Just Another Sunday – A Novel
Set against the backdrop of the turbulent late 1960s and early 1970s, Just Another Sunday is inspired by actual events and follows Lia Benedict, a teenager growing up in the suburbs of New Jersey.
In the spring of 1968, Lia is 15 years old when her Italian-American family decides to leave Brooklyn for their dream home in the suburbs. But Lia is reluctant to pull up roots and go anywhere, especially to some godforsaken Jersey town. "I would rather thrive in the grime of New York than be plucked from my roots and transplanted in Nowheresland, just to wither away and die. I swear this is the kiss of death."
Her father, Frank Benedict, has worked hard to afford his own home for his wife, Marie, and five children after years of renting in Brooklyn. With the recent marriage of their eldest daughter, and visions of grandchildren in their future, new life in suburbia couldn't be more promising. But their dream home quickly becomes a living nightmare, and the family's move will prove to be the last they will ever make as an intact family of seven.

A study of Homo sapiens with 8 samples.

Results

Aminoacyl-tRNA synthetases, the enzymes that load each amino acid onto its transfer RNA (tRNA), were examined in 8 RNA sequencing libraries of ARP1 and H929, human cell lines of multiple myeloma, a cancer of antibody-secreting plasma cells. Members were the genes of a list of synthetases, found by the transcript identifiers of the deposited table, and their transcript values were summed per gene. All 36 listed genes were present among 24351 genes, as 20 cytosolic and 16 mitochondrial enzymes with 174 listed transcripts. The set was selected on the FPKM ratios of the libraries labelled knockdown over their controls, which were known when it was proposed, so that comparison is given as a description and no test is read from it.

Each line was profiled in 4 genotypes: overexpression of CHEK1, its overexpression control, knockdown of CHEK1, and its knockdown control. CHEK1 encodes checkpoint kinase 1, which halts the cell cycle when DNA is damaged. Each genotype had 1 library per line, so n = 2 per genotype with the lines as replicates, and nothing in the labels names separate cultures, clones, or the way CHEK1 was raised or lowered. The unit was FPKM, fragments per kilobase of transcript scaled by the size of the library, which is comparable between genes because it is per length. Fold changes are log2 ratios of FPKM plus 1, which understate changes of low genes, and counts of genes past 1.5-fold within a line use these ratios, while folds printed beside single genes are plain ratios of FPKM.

About Elizabeth Good (Brooklyn, New York Author)
Elizabeth Good was a dental office manager for a prominent Monmouth County, New Jersey dentist, and is currently in the process of retiring. She hails from Brooklyn, New York, and resides in Toms River, New Jersey, with her husband and 13-year-old shih-tzu, Saverio. She has one son, three stepchildren, and three grandsons.
Ms. Good has two novels under her belt. But her love of writing did not begin until adulthood when a burning desire surfaced from deep within to reconcile the death of her father at a young age. This fateful event shaped her life. which is the basis of both of her books.
"I wrote, published, and marketed both my books as novels, not as personal memoirs, but these stories are based on my younger self. Some memories do fade with time, especially conversations from long ago. That being said, there are embellishments within each book but know this-- both these stories contain much more truth than fiction."